The painful morning after the festive night before

 There’s no question about it, the festive season  is a boozy time of year. Even the most abstemious among us can be persuaded to raise a glass of eggnog to toast Christmas or a flute of champagne to see in the New Year.

For those who indulge a  little more than that, the usual advice holds true – drink plenty of water to make sure you stay hydrated, remember to eat, and if you’re driving, keep within the legal blood-alcohol limits, or better yet, leave the car at home.

And if you’re determined to celebrate the festive season with plenty of alcohol, be prepared for the morning after.

“Eat before you drink,” advised nutritionist Andrea Hill.” Hangovers are a definite if you’re drinking on an empty stomach.  Eat a meal that contains a blend of carbs, protein and fat to slow the absorption of alcohol into the blood stream. 

“Have a few extra glasses of water before you go out, and intersperse a few non-alcoholic drinks throughout the night. “

Everyone seems to have their own favourite hangover cure. If you do a Google search for “hangover cures that work”, you’ll find more than half a million sites, articles and Web pages devoted to it.

Throughout the world, since the dawn of, if not time, then wine, people have sought ways of imbibing with impunity and escaping the inevitable pounding head, queasy stomach and fatigue the next day brings.

Germans eat pickled herrings to help them get rid of a hangover, while in Poland, sour pickle juice is considered a decent cure.

In Ireland and England, a “fry-up” of eggs, rashers, fried potatoes, black pudding, baked beans and toast is considered by many as the ultimate cure.

“This one is a big question mark, but eggs (which are typically part of the “fry up” breakfast) are a good source of cysteine, an amino acid that helps the body break down acetaldehyde thought to be partly responsible for causing hangovers,” said Ms Hill.

Some people find the Vitamin C in orange juice, or a combination of vitamins in effervescent tablets like Redoxon or Berocca, makes them feel better, and others – those hardy souls who possess the seemingly superhuman abilities – say exercising kicks the hangover into submission.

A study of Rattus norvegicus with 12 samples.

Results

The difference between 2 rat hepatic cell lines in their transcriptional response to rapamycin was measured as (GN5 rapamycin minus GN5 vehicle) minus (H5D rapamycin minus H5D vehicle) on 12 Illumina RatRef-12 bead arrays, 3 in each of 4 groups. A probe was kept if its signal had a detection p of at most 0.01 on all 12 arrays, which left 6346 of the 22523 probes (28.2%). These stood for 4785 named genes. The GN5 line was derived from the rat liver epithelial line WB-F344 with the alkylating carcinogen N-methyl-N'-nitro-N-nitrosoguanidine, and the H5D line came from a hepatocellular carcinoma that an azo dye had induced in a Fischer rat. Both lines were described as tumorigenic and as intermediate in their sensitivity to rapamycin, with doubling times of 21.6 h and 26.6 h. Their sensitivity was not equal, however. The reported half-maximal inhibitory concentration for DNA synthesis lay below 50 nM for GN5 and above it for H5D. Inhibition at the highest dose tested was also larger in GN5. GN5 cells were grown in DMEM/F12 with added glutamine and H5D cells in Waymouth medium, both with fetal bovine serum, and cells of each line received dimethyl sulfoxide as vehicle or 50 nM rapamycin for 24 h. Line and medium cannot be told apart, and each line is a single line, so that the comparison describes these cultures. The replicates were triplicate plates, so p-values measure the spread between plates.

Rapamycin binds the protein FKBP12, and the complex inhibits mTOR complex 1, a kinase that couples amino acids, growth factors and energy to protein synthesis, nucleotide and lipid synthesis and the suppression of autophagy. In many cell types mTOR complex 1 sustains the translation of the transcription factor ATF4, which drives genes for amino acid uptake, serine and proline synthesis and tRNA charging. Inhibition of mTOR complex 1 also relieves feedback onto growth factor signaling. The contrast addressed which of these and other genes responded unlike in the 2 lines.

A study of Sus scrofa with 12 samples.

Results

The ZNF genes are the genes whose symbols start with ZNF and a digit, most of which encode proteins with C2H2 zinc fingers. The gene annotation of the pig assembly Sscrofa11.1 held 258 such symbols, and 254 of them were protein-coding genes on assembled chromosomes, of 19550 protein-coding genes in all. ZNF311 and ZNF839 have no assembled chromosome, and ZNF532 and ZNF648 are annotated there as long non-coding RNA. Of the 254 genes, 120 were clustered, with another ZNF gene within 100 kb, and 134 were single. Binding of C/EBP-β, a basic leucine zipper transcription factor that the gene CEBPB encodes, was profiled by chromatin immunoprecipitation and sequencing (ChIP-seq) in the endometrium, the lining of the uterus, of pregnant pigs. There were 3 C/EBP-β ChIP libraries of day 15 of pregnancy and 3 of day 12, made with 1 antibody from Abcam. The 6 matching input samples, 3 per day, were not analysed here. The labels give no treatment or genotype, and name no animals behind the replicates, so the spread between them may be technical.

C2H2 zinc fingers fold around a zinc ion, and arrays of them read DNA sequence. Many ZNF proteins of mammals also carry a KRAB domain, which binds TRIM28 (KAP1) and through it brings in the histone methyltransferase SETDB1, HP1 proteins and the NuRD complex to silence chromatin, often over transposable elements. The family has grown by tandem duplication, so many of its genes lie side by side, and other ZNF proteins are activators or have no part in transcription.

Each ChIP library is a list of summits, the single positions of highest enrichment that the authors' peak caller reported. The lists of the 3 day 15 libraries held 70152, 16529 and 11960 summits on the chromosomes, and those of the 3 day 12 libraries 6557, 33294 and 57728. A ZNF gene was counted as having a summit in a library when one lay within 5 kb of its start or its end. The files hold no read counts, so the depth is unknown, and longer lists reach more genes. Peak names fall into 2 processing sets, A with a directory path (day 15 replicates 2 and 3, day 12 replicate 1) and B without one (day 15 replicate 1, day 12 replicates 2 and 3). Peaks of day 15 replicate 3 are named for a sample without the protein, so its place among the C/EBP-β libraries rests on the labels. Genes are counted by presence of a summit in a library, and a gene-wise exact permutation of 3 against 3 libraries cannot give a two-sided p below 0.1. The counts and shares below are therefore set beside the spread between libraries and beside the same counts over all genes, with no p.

Despite dive instruction manuals stating it is not advisable to drink the night before diving, many divers swear that a dive will cure even the worst hangover. All that oxygen, you know.

Water is an obvious cure-all. Since dehydration is a major part of what makes a drinker feel so terrible next day, drinking a few glasses of water before going to bed can help on that score. You can also rehydrate and replace electrolytes by downing a bottle of Gatorade or other sports drinks.

It might be tempting to swallow a few painkillers to help cure what ails you, but be aware that aspirin, ibuprofen and other pain relievers can irritate your stomach and make your liver work harder – it’s already hard at work trying to process all that alcohol you consumed the night before, so give your poor liver a break.

And then there’s the hair of the dog that bit you. A Bloody Mary, made of tomato juice, vodka and Worchester sauce, or the Canadian-version Caesar, made of Clamata, vodka and Worchester sauce, is filled not just the vodka that tops up your alcohol level and makes you feel better, but also crammed with vitamins and nutrients.

Some people insist a shot of whiskey or vodka the morning after is the best and fastest way to cure a hangover, but the hair of the dog leads to the road to alcoholism, so it’s really not the most advisable option.

“Drinking any type of alcohol after a night of drinking is only going to force your liver to continue processing toxins; so while a morning cocktail may seem to improve hangover symptoms it only delays the inevitable,” warned Ms Hill.

If all else fails, it’s sometimes best to just admit defeat, go back to bed and sleep it off.

Of course, the best, absolutely proven, undeniable, sure-fire way to prevent a hangover is not to drink and to toast the new year with a glass of sparkling mineral water – but what fun would that be?

Dehydration  is one of the reasons you feel awful the day after drinking. Immersing your head  in water might or might not help!